Tropical trees are those trees that come from the tropics, the geographic global region alongside the Equator between the Tropic of Cancer and the Tropic of Capricorn. This tropical region includes Hawaii, parts of Mexico, the Caribbean, South America, Brazil, Africa, India, the Philippines and Southeast Asia. It prominently includes the rainforest regions of the world; tropical forests are also known as the “rainforest.”
The Brooklyn Botanic Garden suggests tropical trees that grow fruit indoors: Natal plum (Carissa macrocarpa), Surinam cherry (Eugenia uniflora), rumberry (Myrcia floribunda), or Barbados gooseberry (Pereskia aculeate).
The Smithsonian Tropical Research Institute, headquartered in Panama City, Panama, maintains a Center for Tropical Forest Science. The center has a global network of studies that keep watch on more than 3 million individual tropical trees, representing over 6,000 tree species. Among one of the more recent findings: Diversity in tropical tree species leads directly to higher diversity in leaf-eating insects. Those findings were written up in Science magazine after a team studied 14 species in the wild in Papua New Guinea.
Internationally, tropical trees have tremendous amounts of diversity in their species. A plot of land, 130 acres, can contain as many as 1,100 tropical tree species, according to Science Daily. Six large plots of land, 60 to 130 acres, in five South American and Asian countries have tropical trees grown that are described as “clumped” or “aggregated” together – in the wild.
Some tropical trees and hardwoods are grown on plantations and farms, particularly in Costa Rica, in order to protect the rainforests from deforestation. Over the past decade, more than 90% of the total global deforestation has taken place in moist tropical forests where tropical trees grow. This is due to logging or forest conversion, the majority of which is in Africa and the tropical parts of the Americas.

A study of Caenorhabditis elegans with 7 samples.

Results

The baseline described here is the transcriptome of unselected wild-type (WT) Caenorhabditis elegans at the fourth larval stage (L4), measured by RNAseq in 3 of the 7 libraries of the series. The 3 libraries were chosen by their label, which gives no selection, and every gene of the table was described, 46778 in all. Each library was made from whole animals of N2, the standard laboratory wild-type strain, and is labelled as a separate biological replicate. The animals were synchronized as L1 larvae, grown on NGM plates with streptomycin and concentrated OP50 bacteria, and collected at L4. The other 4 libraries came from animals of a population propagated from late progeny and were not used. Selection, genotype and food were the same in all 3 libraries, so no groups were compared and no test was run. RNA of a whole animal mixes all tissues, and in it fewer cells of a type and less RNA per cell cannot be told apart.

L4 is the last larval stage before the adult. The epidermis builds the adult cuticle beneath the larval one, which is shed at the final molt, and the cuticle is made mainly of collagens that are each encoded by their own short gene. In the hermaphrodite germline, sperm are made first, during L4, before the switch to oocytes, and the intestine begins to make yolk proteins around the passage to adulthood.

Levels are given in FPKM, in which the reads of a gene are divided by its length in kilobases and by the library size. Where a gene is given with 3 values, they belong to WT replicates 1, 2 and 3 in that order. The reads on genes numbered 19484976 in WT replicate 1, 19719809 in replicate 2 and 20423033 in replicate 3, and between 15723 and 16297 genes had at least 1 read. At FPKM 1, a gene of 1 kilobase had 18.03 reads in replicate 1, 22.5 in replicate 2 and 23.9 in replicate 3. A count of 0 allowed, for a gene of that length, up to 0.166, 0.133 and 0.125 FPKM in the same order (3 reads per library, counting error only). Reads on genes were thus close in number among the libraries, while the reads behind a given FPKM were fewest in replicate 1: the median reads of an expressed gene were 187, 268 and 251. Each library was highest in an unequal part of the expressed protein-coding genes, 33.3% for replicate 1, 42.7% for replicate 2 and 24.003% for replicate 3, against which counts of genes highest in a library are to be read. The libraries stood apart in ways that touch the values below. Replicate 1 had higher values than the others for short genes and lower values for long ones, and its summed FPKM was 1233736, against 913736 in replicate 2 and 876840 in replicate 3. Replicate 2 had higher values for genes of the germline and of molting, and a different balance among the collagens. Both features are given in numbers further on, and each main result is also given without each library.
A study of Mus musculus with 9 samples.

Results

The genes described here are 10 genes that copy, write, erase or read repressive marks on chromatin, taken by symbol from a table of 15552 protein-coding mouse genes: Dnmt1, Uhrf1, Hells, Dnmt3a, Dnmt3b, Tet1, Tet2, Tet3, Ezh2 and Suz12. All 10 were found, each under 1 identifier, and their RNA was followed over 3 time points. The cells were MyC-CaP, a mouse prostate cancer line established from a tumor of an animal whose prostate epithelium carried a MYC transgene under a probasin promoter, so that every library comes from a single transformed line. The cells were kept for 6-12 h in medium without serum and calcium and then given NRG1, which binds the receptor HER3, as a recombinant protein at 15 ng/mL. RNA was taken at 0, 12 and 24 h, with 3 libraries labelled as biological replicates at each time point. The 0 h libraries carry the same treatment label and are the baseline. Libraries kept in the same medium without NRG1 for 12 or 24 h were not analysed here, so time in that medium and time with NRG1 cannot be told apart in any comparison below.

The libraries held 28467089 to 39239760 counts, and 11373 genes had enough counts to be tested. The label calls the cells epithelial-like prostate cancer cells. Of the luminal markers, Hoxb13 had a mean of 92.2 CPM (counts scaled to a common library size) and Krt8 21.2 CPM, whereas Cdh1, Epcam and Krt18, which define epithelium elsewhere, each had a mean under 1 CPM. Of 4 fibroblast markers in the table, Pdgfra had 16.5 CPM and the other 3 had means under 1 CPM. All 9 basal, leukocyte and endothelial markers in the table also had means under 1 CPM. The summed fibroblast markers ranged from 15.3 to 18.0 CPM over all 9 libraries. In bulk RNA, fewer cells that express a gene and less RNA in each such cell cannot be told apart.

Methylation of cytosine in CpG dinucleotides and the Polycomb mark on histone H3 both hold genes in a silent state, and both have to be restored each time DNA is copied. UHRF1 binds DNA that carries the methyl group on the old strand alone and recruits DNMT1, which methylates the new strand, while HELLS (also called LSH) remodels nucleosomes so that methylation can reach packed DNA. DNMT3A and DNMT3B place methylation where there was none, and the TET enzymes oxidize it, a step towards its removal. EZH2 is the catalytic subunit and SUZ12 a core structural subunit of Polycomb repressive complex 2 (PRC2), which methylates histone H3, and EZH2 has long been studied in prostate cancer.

A recent study out of Lawrence Livermore National Laboratory in California found that tropical trees are better at fighting global warming than trees in other places of the world. That’s because of the carbon dioxide that tropical trees absorb; evaporating water that forms clouds; and having dark-colored leaves to absorb more sunlight than light-colored leaves.
Tropical trees are increasingly seen as a valuable renewable natural resource. They maintain and improve soil fertility, and provide protection from sun, wind and heavy raindrops. Tropical trees also yield a great range of important products, play a critical role in many farming systems, and form the base of the food chain for numerous animals. Their presence is essential for the survival of people in the tropic regions – and beyond.
Tropical trees present a wide variety of beautiful botanic forms of nature for any garden or interior setting. They pay witness to the remarkable rainforests around the world.